Search for the Beast: rugby fest demons haunt Bots female rugby referee


By Robson Sharuko

Harare – Botswana female rugby referee, Naledi Chabe, has revealed she barely slept at all on the eve of the night when she was set to handle a match on the centre stage of the Jubilee Field at Prince Edward High School in Harare during the 2018 Dairibord Rugby Festival.

The annual tournament is the world’s biggest schools rugby festival, by the sheer weight of the number of players who make the yearly pilgrimage to Harare’s Prince Edward High School, and has been an event that has showcased the talents of many of the country’s finest stars.

This year’s tournament was dubbed the search for another Beast in reference to Zimbabwe rugby’s quest to produce a player who can match the heroics of Springbok superstar Tendai “Beast” Mtawarira who once graced this tournament.

Another former Springbok, Tonderai Chavhanga, graced this year’s tournament and had an opportunity to return to his old school, Prince Edward, where he first made an impression before his talent took him to South Africa where he played four times for that country. Dairibord Zimbabwe last year renewed its contract with the Schools Rugby Festival in a partnership that would run for three years with a sponsorship package of US$182,000 per annum.

Chabe spoke to APO, media relations consulting firm and press release wire distribution company in Africa, on Mothers’ Day on Sunday with the news organisation doing the interview on behalf of the Botswana Rugby Union to mark Women’s Month of Rugby.

The 32-year-old physical education teacher was one of the match officials who took charge of this year’s Dairibord Rugby Festival.

She chronicled how she was introduced to the game and how she has been inspired by the positive feedback that she has been receiving from other referees from across the continent in a field that is dominated by male match officials.

Chabe also spoke about the weird dreams she had on the eve of her plunge into the spotlight of Prince Edward’s Jubilee Field, including the possibility that her whistle would not blow when she needed it to and waking up at 04h00 on the morning of the match to have another look at the law book.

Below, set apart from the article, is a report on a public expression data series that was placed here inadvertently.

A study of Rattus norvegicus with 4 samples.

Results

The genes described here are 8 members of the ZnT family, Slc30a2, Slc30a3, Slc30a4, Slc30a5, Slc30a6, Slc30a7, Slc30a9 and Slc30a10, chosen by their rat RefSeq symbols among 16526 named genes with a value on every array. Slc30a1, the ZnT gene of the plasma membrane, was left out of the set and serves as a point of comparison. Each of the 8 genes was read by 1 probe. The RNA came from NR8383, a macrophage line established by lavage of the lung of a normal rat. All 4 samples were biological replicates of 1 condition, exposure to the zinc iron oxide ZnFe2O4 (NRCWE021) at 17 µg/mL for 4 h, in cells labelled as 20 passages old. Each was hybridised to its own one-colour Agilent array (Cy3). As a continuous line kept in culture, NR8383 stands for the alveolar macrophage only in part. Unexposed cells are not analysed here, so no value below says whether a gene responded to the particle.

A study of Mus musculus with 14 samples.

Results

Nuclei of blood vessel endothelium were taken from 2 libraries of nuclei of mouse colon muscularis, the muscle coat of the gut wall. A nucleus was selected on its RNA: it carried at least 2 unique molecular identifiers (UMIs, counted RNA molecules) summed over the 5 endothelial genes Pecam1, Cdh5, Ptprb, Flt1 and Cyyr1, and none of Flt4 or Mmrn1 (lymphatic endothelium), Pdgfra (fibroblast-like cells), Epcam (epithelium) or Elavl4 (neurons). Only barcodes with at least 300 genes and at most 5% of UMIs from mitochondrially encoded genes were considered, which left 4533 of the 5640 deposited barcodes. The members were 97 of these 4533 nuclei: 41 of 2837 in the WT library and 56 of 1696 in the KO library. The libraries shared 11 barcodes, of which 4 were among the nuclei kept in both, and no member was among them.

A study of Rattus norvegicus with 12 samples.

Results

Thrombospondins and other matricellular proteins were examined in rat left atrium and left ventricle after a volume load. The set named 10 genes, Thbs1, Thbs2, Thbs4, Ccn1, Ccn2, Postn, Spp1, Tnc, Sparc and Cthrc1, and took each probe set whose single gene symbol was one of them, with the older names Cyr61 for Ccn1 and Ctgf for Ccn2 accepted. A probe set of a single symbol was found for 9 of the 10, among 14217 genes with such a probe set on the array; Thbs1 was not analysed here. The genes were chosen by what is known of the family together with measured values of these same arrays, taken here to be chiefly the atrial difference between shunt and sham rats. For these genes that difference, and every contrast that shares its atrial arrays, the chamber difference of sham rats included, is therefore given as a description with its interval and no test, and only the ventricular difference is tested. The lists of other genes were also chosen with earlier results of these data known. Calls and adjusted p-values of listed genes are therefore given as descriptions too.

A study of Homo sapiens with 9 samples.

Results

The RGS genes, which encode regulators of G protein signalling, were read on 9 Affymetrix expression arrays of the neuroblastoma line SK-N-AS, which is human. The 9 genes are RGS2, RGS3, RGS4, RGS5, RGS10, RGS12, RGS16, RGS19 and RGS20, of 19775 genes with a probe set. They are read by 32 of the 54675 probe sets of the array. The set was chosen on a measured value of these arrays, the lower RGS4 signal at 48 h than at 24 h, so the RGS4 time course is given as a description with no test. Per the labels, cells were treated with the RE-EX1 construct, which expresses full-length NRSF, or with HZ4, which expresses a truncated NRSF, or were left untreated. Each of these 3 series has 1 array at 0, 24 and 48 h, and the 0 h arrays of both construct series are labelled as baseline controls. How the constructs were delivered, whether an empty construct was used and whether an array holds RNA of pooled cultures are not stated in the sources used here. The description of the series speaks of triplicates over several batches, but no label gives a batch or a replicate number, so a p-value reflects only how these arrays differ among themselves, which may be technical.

However, she stood her ground and did well in that match under the spotlight.

“I get a lot of feedback from ‘CMOs’ (Coach of Match Officials) and other experienced match officials from different countries,” she told APO. 

“The day I was told my game would be on Jubilee (main field, Prince Edward School) I never slept at night, I had weird dreams that I would lose my whistle and at one moment my whistle would not blow.

“I woke up as early as 04h00 to look at my law book on areas of concern. It was a challenging game but I enjoyed and took control over it as per feedback from the CMOs.”

She has come a long way from being introduced to taking control of tag rugby while at university in 2009 and becoming a player who would graduate to represent her national team.

“Mr Zilwele Khumalo (Zee) introduced me to refereeing touch/tag rugby in 2009 at schools level when I was still at university,” she recalls.

“In 2012, Mr Alleck Maposa introduced me to contact game where he shadowed me in the first game. Because my interest was more into playing, I did not take refereeing very serious then until last year, 2017.

“The two gentlemen had always persuaded me into officiating and quit playing because of the injuries sustained. I am now set, I enjoy refereeing [more] than I ever thought I would. I am still in control of the game in the field, so it’s goodbye to playing.

“My most memorable moment is being invited to referee at the Dairibord Rugby Festival in Zimbabwe (biggest school rugby festival in the world) and as my first 15s game to referee in.”

She had first played the game in 2007 for the Botswana Defence Forces rugby team, Cheetahs, where she stayed until 2014.

“During my time as a player, I loved the rivalry between my team (Cheetahs) and UB Rhinos, it was always a tough competition between the two and I swear you wouldn’t want to miss the two teams playing,” she said.

“I played fly-half, which is the most challenging position in rugby and I refer to it as being the ‘general’ of the game; I loved being in control and deciding where play should go. I always had scores to settle, in a good way though.

“I started playing for the national team in 2008. My debut match was in 2008 in Uganda during the World Cup qualifiers and then the Africa 7’s tournament. It was and always is a pleasure to represent the country although at times I felt the pressure that the whole nation was expecting more from me.

“There were teams that I never wanted to lose against and if it ever happened I would literally cry; winning had always been a part of me. I had played against big ladies and I was so tiny but I would give them a run for their money.

“Playing had always been the best for me and I had planned to represent my country until my late 40s. My body structure had never been a limit but rather I always used it to my advantage and the side stepping. Oh, boy! I so want to go back, I miss that part when having a ball in hand.”

She said the game should always be about passion and respect. Passion and respect and even had some words of encouragement for those who want to follow her path and plunge into refereeing.

“Officiating is the best thing ever and nobody can take it away from you. It’s the most interesting part of the game, totally different from playing,” she said.